Stacey Lauretta Dash played the cute and uppish best friend in character Dionne, who happened to be black — presumably, depending on who you ask— to the protagonist socialite in Cher played by Alicia Silverstone in the 1995 film and television show “Clueless”. Apparently Ms. Dash is still in character, and has made some scurrilous statements off-script on the topic of race relations in our society.
Mainstream media anterior to now was much more predominately white than today, so when you did see a black character playing a supporting role with above average screen time in film and television you tend to take notice. That is when I noticed her. I didn’t know much about her other than she was the cousin of Damon Dash one of the co-founders of Roc-A-Fella Records. It has been widely reported by Damon himself that they are no longer on speaking terms and that her “cooning” on Fox is something she is merely being paid to do. If this is the case however she surely has been consistent about this “white framing”; the apparently shared and disparaging views regarding what she sees as reverse racism and the promotion of self-segregation by Blacks.
Yes, I said self-segregation. Usually self-segregation inherently happens when you feel shunned, made to feel uncomfortable, or not accepted in a particular setting and so relief is found in perpetuating the racial construct in this instance. Furthermore how someone can turn this into a caustic retort on Blacks is telling. Segregation promoted by Blacks however misspoken by Ms. Dash in response to Jada Pinkett Smith’s questioning and disappointment of the Oscars here is a misnomer to say the least.
“I think it’s ludicrous. We have to make up our minds; either we want to have segregation or integration. If we don’t want segregation, then we need to get rid of channels like BET and the BET Awards, and the [NAACP] Image Awards, where you’re only awarded if you’re black. If it were the other way around, we would be up in arms. It’s a double standard. […] Just like there shouldn’t be a Black History Month. We’re American; that’s it.”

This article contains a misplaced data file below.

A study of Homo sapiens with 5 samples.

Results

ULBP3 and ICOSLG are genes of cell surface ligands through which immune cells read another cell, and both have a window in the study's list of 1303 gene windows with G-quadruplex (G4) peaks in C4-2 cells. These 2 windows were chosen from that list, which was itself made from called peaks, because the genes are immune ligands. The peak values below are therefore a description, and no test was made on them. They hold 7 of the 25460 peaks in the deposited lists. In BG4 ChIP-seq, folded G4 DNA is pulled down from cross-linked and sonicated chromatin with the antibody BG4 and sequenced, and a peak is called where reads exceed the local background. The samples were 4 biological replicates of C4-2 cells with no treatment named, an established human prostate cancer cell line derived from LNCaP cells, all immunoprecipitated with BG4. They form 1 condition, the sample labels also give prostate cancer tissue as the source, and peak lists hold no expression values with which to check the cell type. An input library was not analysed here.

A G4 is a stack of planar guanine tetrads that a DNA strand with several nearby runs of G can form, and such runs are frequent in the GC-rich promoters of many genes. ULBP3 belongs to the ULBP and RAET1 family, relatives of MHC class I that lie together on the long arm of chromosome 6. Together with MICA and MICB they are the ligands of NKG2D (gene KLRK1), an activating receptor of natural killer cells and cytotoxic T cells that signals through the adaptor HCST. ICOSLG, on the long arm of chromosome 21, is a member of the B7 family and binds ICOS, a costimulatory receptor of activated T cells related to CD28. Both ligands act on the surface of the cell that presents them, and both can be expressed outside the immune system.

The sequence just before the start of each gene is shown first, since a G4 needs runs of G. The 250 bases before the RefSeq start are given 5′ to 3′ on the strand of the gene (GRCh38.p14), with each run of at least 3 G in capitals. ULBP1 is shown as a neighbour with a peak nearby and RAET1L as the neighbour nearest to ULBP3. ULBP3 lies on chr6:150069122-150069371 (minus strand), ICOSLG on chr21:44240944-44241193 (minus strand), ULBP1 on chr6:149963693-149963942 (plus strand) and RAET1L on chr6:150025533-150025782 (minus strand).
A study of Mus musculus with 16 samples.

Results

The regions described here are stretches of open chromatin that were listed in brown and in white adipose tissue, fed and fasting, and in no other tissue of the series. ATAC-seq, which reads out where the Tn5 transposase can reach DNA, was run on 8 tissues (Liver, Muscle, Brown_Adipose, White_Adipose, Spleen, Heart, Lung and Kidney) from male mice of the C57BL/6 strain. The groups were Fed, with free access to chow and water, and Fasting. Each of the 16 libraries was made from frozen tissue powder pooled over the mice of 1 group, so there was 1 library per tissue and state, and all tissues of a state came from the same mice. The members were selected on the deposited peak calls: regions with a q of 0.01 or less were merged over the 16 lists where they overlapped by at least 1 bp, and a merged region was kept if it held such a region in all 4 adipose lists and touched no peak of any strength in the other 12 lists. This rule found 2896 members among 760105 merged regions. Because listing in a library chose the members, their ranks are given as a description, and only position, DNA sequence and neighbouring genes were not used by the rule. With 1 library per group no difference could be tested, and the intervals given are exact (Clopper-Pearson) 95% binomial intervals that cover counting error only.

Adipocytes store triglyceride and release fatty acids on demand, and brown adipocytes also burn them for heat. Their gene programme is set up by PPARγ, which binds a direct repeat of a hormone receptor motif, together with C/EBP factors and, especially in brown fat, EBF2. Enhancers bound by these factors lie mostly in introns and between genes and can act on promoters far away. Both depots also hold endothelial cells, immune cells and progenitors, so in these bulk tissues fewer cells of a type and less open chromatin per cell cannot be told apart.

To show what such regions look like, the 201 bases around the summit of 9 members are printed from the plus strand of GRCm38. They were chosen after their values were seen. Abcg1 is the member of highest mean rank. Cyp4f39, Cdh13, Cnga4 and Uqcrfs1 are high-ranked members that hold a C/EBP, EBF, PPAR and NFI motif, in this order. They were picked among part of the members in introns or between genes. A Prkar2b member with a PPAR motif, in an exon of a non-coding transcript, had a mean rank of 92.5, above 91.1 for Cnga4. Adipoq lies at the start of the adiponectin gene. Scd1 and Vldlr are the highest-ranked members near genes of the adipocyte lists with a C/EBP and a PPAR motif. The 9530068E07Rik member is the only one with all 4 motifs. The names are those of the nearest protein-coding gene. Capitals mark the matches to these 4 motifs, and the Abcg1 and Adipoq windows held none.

Segregation can only be imposed by the dominant group institutionally through the enforcement of laws and authoritative positioning in the form of discriminatory practices both socially and economically, it cannot be effectively done the other way around. In fact many of the more rational among us would argue that the attempts by BET and the NAACP in awarding various achievements could even be considered as such, especially if the social capital that one would benefit pales in comparison to the more in-line meritocratic systems like the Academy of Motion Picture Arts and Sciences. The caveat to this is that the nomenclature used in this setting by the majority-established and owned industries pretends that it is inclusive when apparently it is quite exclusive racially.
Minorities are not proportionally represented in meritocratic systems and they have little to no control of the access nor dissemination of the arts in mainstream media. For instance the Oscars or the Grammy’s, both legacy institutions that decidedly proffer the distribution of artistic endeavors through film and music through majority-established and owned industries correspondingly disseminate singularly perceptive views, tastes and ideologies. The voting members have been widely reported as majorly white males.
But to gloss over the significance of the BET and NAACP awards rather is a bit discerning here and when paraphrased by Ms. Dash in the Fox News setting it can be quite alarming. Yes, this is paraphrasing because it sounds similar to resentment often casted upon Blacks who have become self-aware in a society that marginalizes minorities. In my opinion the awards from BET and NAACP only seek to medicate the artistic, yet psychologically-wounded among us who have no choice but to work in an integrated albeit prejudiced and discriminatory society.
It should also go without mention that BET and the NAACP has recognized and awarded people who are white for their contributions especially those who acknowledge culturally what inspired them to achieve their relative success. Just to be petty here there are two names that comes to mind. Marshall “Eminem” Mathers and Justin Timberlake has been nominated numerous times and has won awards from BET. The NAACP also recognizes whites for the same. However it is important to repeat and note that these award programs simply serve a different purpose and probably would not have to exist if not for just cause. It seems especially warranted when the broadly accepted institutions with their nomenclatures are blatantly obscuring the contributions of Black cultures in the arts and sciences of film and music in order to sustain privilege.
I would also be remiss if I didn’t conclude that categorically BET and the NAACP would probably not have existed if it weren’t for oppression of Blacks in American society. A far and widely reaching consensus can be made about how much people in general can opine about Black self-concept. It has been the most aggressively studied and narrowly interpreted of social myths much to the disadvantage of Blacks, and juxtaposing to the advantage of whites, packaged and sold worldwide under the category of sincere fiction. Stacey Dash represents an acculturation and conditioning of this phenomena and has placated it as much to her own self-interest.
I suppose that is why she is always trippin’.